RoHS and WEEE


If you manufacture, sell, distribute or recycle electrical and electronic equipment containing lead, mercury, cadmium, hexavalent chromium, polybrominated biphenyls or polybrominated diphenyl ethers, the RoHS Directive may apply.

The WEEE and RoHS Directives impose a number of challenges on the electronics industry.

WEEE requires the recovery and recycling of electrical equipment and RoHS imposes the removal of lead (including leaded solder), mercury, hexavalent chromium, cadmium and two flame retardants from new electrical equipment.

This means that to comply with the Directives, you must be sure that your products are checked. The limits of the elements apply to each component part of the product, for example solder is regarded as a different component to the pieces it joins.

The percentages are: -

Lead

less than 0.1%

Mercury

less than 0.1%

Chrome (VI)

less than 0.1%

Cadmium

less than 0.01%

Flame-retardants*

less than 0.1%

 

(*These include Polybrominated biphenyls – PBB's, and Polybrominated diphenyl ethers – PBDE's)

In conjunction with Envirowise recommendations the presence of these can be checked using a low cost XRF screening technique.

If evidence is found then further in-depth analyses can be applied.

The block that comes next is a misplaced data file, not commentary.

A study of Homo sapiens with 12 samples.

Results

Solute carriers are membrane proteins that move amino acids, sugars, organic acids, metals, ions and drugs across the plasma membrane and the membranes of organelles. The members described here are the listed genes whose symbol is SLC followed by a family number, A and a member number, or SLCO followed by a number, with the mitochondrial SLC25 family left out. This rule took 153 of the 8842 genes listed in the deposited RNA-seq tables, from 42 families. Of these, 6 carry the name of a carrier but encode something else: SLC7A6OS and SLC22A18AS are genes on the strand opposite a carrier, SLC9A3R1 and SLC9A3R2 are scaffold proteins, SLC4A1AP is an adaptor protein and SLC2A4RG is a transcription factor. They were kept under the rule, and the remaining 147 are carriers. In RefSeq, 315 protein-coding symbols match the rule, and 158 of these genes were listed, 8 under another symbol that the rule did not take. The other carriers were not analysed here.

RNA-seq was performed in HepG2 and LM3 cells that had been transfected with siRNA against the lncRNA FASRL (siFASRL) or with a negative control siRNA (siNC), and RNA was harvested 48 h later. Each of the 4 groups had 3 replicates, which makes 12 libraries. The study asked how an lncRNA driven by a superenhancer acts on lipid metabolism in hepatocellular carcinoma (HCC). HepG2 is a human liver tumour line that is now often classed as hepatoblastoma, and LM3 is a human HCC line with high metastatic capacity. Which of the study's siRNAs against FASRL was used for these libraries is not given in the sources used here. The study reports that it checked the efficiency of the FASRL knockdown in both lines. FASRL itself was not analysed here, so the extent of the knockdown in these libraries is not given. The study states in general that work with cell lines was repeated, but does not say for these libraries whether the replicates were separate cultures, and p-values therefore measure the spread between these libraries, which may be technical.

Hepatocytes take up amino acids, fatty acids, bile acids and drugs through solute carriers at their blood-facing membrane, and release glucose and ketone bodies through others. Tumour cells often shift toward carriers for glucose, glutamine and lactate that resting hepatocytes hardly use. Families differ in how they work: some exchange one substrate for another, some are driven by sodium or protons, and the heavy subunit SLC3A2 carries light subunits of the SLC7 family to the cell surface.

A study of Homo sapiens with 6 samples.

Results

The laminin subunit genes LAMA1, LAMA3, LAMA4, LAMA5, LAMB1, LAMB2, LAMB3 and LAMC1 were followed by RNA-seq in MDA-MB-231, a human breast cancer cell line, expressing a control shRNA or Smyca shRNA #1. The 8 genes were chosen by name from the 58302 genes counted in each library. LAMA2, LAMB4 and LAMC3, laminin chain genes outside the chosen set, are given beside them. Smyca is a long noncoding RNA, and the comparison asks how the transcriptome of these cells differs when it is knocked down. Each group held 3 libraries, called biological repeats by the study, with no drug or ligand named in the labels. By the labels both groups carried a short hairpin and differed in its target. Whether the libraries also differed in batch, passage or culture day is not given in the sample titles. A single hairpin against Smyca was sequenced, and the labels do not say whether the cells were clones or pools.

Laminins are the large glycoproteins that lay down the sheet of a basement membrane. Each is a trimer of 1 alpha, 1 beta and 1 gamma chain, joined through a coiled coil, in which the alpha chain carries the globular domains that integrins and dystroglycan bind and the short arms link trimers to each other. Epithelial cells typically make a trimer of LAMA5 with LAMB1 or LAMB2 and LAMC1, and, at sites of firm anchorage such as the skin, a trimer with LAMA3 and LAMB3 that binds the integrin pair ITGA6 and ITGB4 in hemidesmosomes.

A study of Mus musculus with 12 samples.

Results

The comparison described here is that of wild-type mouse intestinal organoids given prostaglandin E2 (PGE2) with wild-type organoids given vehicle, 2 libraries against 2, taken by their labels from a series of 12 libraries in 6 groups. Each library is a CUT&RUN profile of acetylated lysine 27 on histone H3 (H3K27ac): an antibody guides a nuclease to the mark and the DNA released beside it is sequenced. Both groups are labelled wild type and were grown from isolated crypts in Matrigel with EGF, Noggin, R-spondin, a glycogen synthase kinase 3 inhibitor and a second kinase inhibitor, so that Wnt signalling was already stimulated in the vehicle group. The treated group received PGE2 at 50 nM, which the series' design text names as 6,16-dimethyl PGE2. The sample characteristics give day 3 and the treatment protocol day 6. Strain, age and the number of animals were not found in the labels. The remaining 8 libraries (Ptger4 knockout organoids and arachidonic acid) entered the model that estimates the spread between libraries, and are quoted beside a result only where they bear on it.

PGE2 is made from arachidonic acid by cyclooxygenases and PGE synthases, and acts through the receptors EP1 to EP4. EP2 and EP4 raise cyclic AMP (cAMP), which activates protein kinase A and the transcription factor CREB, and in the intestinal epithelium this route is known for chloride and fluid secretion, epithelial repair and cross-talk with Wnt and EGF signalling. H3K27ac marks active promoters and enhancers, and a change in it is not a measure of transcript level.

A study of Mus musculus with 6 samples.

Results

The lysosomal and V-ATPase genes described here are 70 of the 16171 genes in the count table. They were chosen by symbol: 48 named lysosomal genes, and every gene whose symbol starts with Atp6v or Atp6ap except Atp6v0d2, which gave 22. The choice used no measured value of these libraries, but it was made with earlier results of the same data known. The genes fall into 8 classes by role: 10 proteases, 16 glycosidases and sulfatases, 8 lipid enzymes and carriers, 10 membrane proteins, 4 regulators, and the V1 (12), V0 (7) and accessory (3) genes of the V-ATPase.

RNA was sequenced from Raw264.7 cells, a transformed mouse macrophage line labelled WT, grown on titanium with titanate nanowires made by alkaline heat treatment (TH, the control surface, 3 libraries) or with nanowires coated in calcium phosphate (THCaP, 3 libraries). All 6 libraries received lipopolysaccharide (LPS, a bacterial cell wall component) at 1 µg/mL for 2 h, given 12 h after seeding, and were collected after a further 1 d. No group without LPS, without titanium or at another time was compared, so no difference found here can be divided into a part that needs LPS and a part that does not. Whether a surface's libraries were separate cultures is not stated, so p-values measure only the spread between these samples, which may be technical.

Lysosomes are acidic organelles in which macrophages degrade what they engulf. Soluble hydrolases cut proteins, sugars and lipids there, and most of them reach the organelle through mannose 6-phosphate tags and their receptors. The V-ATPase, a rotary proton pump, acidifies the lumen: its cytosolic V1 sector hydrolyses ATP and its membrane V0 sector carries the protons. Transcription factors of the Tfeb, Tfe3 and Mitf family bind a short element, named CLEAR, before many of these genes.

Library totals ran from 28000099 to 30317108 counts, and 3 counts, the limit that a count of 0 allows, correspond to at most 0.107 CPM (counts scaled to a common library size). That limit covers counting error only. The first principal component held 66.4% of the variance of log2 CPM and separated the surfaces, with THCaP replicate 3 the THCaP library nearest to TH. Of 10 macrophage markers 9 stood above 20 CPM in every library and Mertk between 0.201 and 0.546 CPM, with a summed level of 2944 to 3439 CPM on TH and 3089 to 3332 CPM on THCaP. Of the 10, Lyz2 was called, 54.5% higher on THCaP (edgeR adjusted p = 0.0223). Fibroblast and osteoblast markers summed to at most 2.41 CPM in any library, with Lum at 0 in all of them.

Please contact us to discuss the products, methods and the range of charges for testing.

We are available to discuss and develop a strategy to help you comply with the Directive.

Battery Testing

Sheffield Assay Office‘s Analytical Services [have] developed a method for the testing of batteries for Cadmium, Mercury and other metals as required. 

The National Measurement Office (NMO) is the UK Enforcement  Authority for the Batteries and Accumulators Regulations 2008. These Regulations implement the placing on the market obligations of the EU directive 91/157/EEC (2006/66/EC), which came into force on 26 September 2008. 

The Regulations include a ban on the placing on the EU market of new batteries containing more than agreed levels of Cadmium and Mercury. 

Prohibitions on Mercury and Cadmium

No person shall place on the market - 

  1. A battery that contains more than 0.0005% (5ppm) of Mercury by weight*.
  2. A portable battery that contains more than 0.002% (20ppm) of Cadmium by weight.

*This prohibition shall not apply to a button cell with a Mercury content of no more than 2% by weight. 

Lead - there is currently no restriction on Lead but the battery MUST clearly display the crossed out wheelie bin symbol and be clearly marked 'Pb'. 

Further information is available at http:/www.rohs.gov.uk/batteries and a list of the exemptions to the restrictions can be found in Statutory Instrument 2008 No.2164.

Enquiries and Technical queries -

Telephone: +44 (0)114 231 2121


analytical@assayoffice.co.uk


Click here to download an information sheet.